Her faith in the city where, in 1990, she started building her global company, Strategic Staffing Solutions, from the periphery into an economic powerhouse, has never wavered.

So, we can’t talk about the multipronged economy of the city without mentioning her contributions as a longstanding employer of labor, with 60 percent of her global workforce being Detroiters. 

In my numerous conversations with her over the years, she always placed the need for good-paying jobs at the center of the city’s economic competitiveness and overall well-being.

With the recovery of the city, the focus tends to lean heavily on attracting and incentivizing outside investors, more than commending and supporting homegrown investors who have made significant investments in the city’s economy long before the dawn of this era.  

Let’s face it. They did not leave the city when it was tough. They remained here, providing much-needed opportunities for many Detroiters to put food on the table for their families.

 “As the city continues its revitalization, it is important that local investors be a part of the mix,” Pasky said. “These local investors have stayed with the city during its hardest times, and now that new opportunities arise it is important that they be assured the opportunity to participate in the city’s continued growth.”

 As one who has observed the city’s struggles and actions over the decades and the present challenges facing a full revitalization, Pasky now has instructive hope.

 “Detroit’s economic outlook is a complete 180 from where it was 10 years ago. There is a continued energy and commitment to keeping Detroit well on course to reclaiming its place among America’s great cities,” Pasky said. “S3 has always been fully engaged in those efforts and remains very optimistic about Detroit’s economic future.”

Yet inclusion and opening up more economic opportunities for underserved communities in Detroit remains a grave concern.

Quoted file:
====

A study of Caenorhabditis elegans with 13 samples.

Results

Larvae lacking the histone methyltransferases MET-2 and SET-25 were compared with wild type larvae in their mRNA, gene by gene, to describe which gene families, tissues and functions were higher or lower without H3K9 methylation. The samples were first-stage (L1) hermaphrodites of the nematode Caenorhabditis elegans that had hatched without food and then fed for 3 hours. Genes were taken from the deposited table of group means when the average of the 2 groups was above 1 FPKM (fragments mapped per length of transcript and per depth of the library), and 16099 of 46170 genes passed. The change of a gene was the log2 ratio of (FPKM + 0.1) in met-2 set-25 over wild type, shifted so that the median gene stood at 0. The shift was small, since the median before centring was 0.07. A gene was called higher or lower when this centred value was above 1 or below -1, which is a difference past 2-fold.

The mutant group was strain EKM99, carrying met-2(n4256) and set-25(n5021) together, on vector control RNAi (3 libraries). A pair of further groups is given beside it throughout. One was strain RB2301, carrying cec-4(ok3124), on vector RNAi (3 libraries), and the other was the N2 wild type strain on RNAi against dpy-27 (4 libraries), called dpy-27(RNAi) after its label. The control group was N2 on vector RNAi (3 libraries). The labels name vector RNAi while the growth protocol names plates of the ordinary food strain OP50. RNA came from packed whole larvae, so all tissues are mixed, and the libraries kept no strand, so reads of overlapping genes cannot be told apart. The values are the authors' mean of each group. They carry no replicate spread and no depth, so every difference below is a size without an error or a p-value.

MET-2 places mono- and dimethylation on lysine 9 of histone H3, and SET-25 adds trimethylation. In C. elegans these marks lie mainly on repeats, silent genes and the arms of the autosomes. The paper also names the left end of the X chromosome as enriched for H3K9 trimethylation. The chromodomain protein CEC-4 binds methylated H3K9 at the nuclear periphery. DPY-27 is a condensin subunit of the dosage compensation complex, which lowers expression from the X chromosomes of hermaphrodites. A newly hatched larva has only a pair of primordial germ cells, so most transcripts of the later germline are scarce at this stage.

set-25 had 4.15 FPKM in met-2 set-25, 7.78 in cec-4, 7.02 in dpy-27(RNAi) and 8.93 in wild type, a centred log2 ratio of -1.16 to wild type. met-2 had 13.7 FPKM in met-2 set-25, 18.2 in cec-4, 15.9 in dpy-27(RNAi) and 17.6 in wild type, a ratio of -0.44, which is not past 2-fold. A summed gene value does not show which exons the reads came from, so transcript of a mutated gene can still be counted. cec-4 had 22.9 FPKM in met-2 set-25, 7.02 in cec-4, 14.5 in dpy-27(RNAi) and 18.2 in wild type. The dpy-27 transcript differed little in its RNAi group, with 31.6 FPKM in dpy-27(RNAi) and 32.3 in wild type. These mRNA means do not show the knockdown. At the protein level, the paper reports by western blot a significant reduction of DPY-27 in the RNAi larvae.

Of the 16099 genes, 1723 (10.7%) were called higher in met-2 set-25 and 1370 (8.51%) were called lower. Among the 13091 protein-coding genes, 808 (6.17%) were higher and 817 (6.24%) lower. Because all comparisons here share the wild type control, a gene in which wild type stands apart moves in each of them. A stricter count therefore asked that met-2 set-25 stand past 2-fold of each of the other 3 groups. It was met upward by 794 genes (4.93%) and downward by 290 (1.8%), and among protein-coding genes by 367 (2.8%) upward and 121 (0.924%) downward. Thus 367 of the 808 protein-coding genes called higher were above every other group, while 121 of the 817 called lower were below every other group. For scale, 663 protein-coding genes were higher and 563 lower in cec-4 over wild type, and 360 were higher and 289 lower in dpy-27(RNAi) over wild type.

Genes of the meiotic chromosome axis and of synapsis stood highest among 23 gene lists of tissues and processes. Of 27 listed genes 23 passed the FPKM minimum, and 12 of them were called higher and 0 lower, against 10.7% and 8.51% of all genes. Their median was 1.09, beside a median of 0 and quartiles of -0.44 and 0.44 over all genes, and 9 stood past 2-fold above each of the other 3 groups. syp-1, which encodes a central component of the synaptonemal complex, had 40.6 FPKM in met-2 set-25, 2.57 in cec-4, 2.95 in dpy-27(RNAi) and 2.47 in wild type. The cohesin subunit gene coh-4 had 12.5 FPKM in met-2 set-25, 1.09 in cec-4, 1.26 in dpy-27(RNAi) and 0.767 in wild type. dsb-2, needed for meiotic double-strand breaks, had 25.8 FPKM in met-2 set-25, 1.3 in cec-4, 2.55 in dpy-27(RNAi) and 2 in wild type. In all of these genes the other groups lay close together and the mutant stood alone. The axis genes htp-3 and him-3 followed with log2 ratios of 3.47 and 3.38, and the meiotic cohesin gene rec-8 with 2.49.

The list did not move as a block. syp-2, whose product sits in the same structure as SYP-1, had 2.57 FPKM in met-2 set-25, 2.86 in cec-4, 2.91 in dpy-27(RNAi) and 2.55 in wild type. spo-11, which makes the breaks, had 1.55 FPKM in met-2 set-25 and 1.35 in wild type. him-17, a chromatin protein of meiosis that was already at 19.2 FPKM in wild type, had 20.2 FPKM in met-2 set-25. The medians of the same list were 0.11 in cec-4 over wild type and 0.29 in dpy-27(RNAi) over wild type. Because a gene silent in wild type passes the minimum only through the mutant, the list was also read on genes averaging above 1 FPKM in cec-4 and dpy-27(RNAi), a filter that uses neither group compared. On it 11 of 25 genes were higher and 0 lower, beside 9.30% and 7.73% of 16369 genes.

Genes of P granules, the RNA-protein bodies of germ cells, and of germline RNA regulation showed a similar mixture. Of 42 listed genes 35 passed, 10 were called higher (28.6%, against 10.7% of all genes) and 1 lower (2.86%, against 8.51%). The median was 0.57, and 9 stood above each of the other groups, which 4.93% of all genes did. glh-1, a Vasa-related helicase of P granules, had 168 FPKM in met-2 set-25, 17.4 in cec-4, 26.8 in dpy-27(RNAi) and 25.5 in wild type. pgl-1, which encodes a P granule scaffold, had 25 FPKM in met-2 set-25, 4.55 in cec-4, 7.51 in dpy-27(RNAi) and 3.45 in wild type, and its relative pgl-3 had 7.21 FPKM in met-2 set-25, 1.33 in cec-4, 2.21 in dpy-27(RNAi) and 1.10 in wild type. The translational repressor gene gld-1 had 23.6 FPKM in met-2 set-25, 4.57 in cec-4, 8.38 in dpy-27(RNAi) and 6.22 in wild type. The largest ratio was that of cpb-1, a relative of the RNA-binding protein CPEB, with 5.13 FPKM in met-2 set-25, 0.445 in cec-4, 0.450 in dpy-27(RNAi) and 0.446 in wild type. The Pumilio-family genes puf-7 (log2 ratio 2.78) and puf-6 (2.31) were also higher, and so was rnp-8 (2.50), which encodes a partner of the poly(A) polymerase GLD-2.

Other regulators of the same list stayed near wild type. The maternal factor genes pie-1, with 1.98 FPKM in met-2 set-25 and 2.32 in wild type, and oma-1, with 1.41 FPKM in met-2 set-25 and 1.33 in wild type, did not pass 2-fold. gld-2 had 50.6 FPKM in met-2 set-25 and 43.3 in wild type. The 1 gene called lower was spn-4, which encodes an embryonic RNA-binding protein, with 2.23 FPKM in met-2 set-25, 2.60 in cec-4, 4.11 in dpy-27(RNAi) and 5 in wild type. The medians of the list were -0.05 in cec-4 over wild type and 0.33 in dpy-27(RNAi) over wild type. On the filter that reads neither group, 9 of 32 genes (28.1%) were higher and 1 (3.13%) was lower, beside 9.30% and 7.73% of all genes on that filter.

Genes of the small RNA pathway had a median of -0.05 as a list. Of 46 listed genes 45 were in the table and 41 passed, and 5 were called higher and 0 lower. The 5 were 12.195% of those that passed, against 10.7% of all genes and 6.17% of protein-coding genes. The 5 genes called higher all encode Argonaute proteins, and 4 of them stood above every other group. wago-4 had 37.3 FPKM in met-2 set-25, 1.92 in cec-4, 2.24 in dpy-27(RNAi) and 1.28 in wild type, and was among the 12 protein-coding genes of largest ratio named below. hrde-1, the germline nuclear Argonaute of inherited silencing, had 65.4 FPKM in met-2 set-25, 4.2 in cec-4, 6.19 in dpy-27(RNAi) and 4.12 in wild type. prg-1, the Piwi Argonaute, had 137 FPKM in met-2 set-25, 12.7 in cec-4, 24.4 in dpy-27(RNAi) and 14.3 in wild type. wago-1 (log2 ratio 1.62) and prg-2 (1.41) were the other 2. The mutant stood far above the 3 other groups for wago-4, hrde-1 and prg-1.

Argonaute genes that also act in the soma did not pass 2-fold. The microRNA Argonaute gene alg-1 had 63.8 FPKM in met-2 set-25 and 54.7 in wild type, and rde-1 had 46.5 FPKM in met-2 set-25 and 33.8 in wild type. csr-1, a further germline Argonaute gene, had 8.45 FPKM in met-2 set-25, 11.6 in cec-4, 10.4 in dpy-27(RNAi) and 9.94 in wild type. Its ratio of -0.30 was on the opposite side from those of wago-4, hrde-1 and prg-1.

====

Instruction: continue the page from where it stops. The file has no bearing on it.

“The city has to have a representative workforce downtown, because greater downtown is diverse,” Pasky said. “Diverse teams have varying life experiences and more uniquely understand our customers' needs, which help us to craft solutions differently than any competitor. Diversity is the competitive advantage in a global workforce.”

But Pasky isn’t only concerned about the need to get more people off the unemployment lines back into the workforce. There are still some major issues the city must confront for its economic survival and progress.

“We would like to see Detroiters’ auto insurance rates reduced. We would also like to see a comprehensive regional transportation system finally be approved and created to make it more convenient for individuals to get to and from work,” Pasky noted. “We would like to see continued efforts toward technical and vocational training be provided to Detroiters through both the city and Detroit Public Schools.”

She further stated that initiatives such as “the mayor’s Workforce Development Board, programs such as Grow Detroit’s Young Talent, the expansion of the Randolph Career and Technical Center, and initiatives to assure work opportunities for returning citizens are all important to strengthening job opportunities for Detroiters.”  

And the most important thing for the city to focus on right now, according to Pasky, is to “carefully plan its future through improving its schools, job creation, city planning, and encouraging both outside and local investment.” 

I couldn't agree more about the need for the city to be meticulous in this recovery. After all, it is the spread and increase in opportunities for all that will determine what the city becomes a decade from now. 

Detroit deserves the best. 

bankole@bankolethompson.com

Twitter: @BankoleDetNews

Catch “Redline with Bankole Thompson,” which is broadcast at noon weekdays on Superstation 910AM.